The Garden of Life
Todd Michael Putnam
Outskirts Press (2014)
Reviewed by Tammy Petty Conrad for Reader Views (12/14)
I knew from the moment I looked at the cover, that I would enjoy “The Garden of Life” by Todd Michael Putnam. It was bright and cheerful, and it didn’t hurt that there was a hot guy on the cover. Actually there were two guys on the cover, one an old, happy codger, and the other, young and…well, let’s just say he could make me want to start gardening!
But this self-help book is not meant to jump start your gardening career or even make you want to start dating again. It is written as a guide to a better life. Indeed the author says it is an, “…inspirational fable on growing faith, joy and meaningful fulfillment….,” I love the concept. Each chapter is introduced with a new story from the Old Man and the Young Gardener. The cover photo reminded me of the concept of the wiser neighbor in Home Improvement, the once-popular TV show. But in this book, it is the younger man who shares his wisdom. Then the author moves into an explanation phase, full of wisdom. Each chapter ends with “gardening tips” for working in your own life and ends with a question for your “inner gardener.” It can be read all in one sitting or a chapter a week, giving yourself plenty of time to ponder the ideas presented.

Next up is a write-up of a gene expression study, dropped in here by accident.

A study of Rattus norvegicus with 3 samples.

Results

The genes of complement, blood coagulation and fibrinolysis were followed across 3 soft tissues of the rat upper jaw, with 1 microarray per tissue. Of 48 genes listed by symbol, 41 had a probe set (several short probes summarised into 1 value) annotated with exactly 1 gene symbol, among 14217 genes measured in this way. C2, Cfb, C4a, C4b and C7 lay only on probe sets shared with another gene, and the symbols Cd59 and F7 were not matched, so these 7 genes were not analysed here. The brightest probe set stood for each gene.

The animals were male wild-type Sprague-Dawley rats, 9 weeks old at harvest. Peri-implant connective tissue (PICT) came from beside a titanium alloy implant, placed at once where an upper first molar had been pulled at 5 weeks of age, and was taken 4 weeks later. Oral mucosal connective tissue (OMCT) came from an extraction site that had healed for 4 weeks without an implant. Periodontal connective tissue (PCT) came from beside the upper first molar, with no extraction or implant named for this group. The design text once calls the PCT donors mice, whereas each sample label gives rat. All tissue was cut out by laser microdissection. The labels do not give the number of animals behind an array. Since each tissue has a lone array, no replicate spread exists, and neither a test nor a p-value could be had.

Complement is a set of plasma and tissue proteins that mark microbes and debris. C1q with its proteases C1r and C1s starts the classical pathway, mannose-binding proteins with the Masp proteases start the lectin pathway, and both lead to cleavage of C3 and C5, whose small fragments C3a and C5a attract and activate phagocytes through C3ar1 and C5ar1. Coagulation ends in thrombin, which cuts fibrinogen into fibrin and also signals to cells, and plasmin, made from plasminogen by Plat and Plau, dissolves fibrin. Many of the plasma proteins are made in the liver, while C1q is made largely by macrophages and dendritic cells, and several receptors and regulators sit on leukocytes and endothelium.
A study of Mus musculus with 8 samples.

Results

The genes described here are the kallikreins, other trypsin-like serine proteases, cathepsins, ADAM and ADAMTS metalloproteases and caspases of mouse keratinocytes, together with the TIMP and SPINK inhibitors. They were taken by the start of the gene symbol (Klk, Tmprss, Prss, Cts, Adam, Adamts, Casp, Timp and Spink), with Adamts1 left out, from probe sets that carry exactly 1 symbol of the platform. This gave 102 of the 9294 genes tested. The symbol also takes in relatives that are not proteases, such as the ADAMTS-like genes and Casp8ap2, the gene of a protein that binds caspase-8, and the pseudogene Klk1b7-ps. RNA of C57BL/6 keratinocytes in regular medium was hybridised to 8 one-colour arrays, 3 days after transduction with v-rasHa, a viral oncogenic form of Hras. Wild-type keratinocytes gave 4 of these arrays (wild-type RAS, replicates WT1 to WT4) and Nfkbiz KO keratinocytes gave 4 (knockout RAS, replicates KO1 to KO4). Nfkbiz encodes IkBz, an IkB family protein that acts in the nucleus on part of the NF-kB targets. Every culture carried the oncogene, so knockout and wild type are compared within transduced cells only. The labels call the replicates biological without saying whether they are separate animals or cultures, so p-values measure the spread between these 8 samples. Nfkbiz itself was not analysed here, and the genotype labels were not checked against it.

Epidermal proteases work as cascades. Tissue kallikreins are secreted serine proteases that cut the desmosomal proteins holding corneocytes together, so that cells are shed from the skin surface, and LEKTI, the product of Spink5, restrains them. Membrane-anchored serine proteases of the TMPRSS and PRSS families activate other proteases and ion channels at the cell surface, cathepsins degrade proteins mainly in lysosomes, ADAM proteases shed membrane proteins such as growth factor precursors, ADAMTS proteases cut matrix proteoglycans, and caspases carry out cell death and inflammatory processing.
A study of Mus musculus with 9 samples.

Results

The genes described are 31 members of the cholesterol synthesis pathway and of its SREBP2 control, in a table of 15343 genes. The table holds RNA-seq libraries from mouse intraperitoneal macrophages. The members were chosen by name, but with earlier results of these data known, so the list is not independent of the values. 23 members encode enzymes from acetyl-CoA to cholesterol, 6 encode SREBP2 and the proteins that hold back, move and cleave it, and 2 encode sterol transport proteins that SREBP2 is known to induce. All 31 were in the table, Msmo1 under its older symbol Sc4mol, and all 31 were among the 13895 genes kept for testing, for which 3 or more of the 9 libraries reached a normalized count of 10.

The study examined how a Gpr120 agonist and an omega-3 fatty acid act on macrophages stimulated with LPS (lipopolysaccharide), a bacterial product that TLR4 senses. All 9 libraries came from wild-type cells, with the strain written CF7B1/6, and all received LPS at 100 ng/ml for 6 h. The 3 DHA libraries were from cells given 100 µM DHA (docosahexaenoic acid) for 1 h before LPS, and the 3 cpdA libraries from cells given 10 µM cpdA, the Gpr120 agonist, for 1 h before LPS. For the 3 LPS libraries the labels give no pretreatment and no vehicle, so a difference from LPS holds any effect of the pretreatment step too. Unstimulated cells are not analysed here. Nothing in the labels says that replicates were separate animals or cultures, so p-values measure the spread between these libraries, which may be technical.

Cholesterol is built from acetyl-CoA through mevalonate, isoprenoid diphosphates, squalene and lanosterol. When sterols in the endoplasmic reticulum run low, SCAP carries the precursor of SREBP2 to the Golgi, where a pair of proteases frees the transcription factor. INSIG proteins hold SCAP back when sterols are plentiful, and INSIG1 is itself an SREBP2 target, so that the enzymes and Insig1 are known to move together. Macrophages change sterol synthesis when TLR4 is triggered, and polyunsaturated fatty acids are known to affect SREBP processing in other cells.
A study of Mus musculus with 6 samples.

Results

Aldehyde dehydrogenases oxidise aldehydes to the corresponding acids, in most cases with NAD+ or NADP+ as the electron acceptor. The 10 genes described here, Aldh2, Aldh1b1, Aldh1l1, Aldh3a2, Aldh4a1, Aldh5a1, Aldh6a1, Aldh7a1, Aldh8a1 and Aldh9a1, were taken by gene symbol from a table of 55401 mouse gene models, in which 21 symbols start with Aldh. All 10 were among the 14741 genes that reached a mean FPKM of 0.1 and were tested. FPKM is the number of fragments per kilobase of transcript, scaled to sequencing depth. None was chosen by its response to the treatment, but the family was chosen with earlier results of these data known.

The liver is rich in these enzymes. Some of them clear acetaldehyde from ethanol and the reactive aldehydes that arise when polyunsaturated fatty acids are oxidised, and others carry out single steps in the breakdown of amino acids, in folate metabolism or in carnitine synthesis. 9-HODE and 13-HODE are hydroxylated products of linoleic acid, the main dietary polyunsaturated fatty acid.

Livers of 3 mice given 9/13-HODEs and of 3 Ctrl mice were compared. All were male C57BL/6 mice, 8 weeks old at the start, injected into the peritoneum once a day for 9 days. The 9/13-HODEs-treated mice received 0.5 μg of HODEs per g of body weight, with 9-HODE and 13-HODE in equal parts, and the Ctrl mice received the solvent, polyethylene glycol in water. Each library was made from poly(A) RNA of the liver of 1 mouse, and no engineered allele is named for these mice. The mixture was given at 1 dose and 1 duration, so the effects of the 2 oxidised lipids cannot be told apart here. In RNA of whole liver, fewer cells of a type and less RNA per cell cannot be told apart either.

It is very easy to apply these concepts to your own life, even if you’re not a yard person. I couldn’t help but relate to phrases like, “Attend to the garden of your life by weeding as you go.” We’ve had a bit of warm weather and I got out and weeded and weeded and weeded, because I hadn’t pulled each one as they appeared. Just like I hadn’t dealt with each of the problems in my last relationship. In reading this, I am inspired to do better, try harder, and implement effective changes to truly make a better life for myself. The author reminds me that it takes courage to do something you haven’t done before. “Cherish your ability to chart your own course.”
I think this is a great book for young people graduating college, but also for older folks set in their ways that might benefit from looking at things a little differently. Maybe they would see the Young Gardener they used to be. I also appreciate the inclusion of the concept of God. We can’t blame God when things go wrong, or turn out differently from how we planned. And we can’t live in the past. It’s all here, plenty of wisdom in a small, simple package that doesn’t come across as if I’m being preached too, or someone is wagging his finger at me because I’ve messed up.
In “The Garden of Life,” Todd Michael Putnam even addresses the four things love needs to grow, sticking to the gardening theme. I’m thinking these important words need to be all over my house as daily reminders. Common, but important concepts, I intend to nurture them like new seedlings so they grow stronger. Read this short treasure to discover them for yourself.